Ascended Tutweiller’s review published on Letterboxd:
Yeah, sacrilege. I know.
Here's the thing-- I don't think it's fair to judge a film based on the era it was made in. Just because something was scary at the time does not mean it has retained that quality as it has aged. As society changes, so do our tastes, and what was funny or terrifying at one point in our history might not be a few decades later. But the best films are timeless. They transcend the evolution of our culture because the issues they deal with and the themes they present are not specific to any period. They deal with human issues, which have been with us for millennia and will be with us until the end of time.
Halloween is not timeless. It is a product of the era in which it was made, and much like "watershed" films in other genres (Top Gun and Independence Day come to mind), it has not aged well. While this may not be John Carpenter's worst film, it's definitely his least imaginative-- a by-the-numbers tale of an escaped psychopath killing people. It's hard to even give this points for originality, as other films such as Psycho tackled similar stories before this (with much better results), and the slasher genre really began with The Texas Chainsaw Massacre in 1974. So what are we left with here?
The film is essentially a birthing ground for the myriad of tired cliches and tropes that make it so hard for me to enjoy the slasher genre. What's worse, the fact that the film is exploring new ground negates any need to do something innovative or interesting with this material. Whereas movies like A Nightmare on Elm Street managed to overcome genre trappings with an interesting premise, Halloween is about as dull as it gets, another generic story about a man in a mask killing promiscuous teenagers. Needless to say, it elicits no scares or adrenaline rushes. Compared to modern horror films, it's positively tame.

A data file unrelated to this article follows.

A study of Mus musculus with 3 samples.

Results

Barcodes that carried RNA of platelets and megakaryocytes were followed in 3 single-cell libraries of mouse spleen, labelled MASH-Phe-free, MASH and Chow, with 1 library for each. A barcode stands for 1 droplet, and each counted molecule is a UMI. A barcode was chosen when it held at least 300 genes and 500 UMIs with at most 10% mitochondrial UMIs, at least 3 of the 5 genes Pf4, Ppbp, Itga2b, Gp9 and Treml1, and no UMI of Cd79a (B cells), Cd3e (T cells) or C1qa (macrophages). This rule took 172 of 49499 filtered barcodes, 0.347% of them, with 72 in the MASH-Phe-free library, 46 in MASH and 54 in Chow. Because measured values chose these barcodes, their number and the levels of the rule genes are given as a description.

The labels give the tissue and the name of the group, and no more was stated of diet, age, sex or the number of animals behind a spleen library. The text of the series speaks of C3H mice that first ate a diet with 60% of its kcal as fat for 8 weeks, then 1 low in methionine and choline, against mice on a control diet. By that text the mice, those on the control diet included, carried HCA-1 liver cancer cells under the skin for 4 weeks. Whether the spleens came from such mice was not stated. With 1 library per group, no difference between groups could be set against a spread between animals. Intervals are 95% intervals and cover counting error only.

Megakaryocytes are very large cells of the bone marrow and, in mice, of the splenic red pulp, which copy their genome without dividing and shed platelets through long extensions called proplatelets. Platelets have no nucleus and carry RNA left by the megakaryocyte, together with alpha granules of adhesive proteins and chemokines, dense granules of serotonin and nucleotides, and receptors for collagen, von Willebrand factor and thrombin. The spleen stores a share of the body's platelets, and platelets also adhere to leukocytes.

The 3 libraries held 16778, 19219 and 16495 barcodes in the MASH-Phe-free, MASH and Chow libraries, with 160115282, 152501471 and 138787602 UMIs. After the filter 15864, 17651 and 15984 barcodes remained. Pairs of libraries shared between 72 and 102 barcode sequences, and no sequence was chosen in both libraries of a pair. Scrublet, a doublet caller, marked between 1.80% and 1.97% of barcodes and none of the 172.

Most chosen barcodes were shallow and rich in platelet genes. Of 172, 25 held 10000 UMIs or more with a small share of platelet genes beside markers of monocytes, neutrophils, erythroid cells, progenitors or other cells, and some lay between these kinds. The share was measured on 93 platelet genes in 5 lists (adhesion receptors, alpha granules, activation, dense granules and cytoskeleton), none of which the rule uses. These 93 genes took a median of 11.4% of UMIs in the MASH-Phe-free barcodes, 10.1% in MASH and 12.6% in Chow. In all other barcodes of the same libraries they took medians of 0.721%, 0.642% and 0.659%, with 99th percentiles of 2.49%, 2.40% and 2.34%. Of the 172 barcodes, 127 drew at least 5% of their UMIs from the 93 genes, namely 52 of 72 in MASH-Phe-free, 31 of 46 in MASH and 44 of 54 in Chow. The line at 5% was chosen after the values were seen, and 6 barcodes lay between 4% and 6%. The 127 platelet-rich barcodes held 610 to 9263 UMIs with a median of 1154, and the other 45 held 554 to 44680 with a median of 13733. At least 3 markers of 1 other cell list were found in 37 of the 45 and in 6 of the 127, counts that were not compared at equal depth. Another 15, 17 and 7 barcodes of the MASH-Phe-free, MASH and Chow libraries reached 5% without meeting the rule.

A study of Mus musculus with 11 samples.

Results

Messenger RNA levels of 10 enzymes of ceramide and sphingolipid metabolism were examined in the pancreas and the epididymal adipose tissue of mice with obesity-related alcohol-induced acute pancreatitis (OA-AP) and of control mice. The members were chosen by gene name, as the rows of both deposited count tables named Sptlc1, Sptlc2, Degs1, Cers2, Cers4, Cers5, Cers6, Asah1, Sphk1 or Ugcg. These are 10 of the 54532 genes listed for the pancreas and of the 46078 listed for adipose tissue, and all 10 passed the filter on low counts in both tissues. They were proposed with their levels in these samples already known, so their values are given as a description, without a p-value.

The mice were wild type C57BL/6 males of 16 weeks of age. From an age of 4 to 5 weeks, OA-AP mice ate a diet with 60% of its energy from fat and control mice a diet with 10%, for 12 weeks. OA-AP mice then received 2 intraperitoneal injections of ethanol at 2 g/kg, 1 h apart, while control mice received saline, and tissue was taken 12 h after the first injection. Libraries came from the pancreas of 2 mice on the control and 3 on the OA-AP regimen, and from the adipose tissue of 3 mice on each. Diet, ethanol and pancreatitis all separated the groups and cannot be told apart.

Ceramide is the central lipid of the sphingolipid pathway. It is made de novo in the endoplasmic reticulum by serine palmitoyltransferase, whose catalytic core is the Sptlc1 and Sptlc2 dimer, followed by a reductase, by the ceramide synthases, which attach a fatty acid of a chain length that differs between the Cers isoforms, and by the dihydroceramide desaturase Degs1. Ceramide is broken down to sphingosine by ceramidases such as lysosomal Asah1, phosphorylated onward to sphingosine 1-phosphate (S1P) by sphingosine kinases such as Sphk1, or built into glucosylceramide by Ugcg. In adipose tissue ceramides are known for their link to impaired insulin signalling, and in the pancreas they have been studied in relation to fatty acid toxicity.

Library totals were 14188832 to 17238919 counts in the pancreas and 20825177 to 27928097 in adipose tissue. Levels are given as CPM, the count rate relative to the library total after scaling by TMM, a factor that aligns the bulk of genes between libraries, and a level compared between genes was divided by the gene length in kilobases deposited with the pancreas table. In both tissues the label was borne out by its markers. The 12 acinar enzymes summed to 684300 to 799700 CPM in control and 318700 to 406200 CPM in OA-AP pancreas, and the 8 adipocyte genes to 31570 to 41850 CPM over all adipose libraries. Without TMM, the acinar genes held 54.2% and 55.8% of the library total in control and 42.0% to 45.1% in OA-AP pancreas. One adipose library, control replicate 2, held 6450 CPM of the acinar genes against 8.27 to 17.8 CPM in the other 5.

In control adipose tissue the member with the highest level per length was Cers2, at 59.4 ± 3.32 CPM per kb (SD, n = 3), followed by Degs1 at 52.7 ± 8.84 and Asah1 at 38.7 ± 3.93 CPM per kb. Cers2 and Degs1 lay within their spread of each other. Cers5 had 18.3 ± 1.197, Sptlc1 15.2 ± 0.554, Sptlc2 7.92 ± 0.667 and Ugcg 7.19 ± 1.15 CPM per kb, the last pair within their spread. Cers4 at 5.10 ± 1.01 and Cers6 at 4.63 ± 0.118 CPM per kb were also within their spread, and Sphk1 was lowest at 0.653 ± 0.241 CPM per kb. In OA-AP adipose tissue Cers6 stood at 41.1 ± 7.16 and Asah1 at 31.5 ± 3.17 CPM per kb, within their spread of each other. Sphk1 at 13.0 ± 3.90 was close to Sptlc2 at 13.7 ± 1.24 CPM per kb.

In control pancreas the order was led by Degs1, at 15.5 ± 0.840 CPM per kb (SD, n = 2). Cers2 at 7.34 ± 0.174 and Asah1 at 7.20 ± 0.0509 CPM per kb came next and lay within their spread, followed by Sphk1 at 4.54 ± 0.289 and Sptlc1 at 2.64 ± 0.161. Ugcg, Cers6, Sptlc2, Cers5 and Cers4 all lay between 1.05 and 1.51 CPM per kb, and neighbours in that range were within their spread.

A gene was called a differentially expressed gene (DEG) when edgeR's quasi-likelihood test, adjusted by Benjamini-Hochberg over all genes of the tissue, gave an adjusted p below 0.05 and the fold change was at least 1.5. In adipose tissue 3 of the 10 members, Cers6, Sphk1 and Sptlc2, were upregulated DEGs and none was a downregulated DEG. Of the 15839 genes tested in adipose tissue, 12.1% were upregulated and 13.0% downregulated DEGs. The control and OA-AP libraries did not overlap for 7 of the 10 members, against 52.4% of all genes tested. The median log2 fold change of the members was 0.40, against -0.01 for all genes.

Despite everything I've said here, the film is perfectly competent. Competent, but nothing more. I can't fault Carpenter for his camerawork, nor can I criticize Jamie Lee Curtis for her passionate performance. Donald Pleasence, who plays the killer's psychiatrist, appears somewhat bored half the time, but he's still interesting to watch as he moves through a scene. What is lacking in Halloween is a spark of innovation. The greatest creative minds of the century could have been put to work on this film, but in the service of a story this bland, they wouldn't have been able to do much better. Halloween needed something to set itself apart from the pack of imitators it would spawn, and in that respect, it failed dramatically.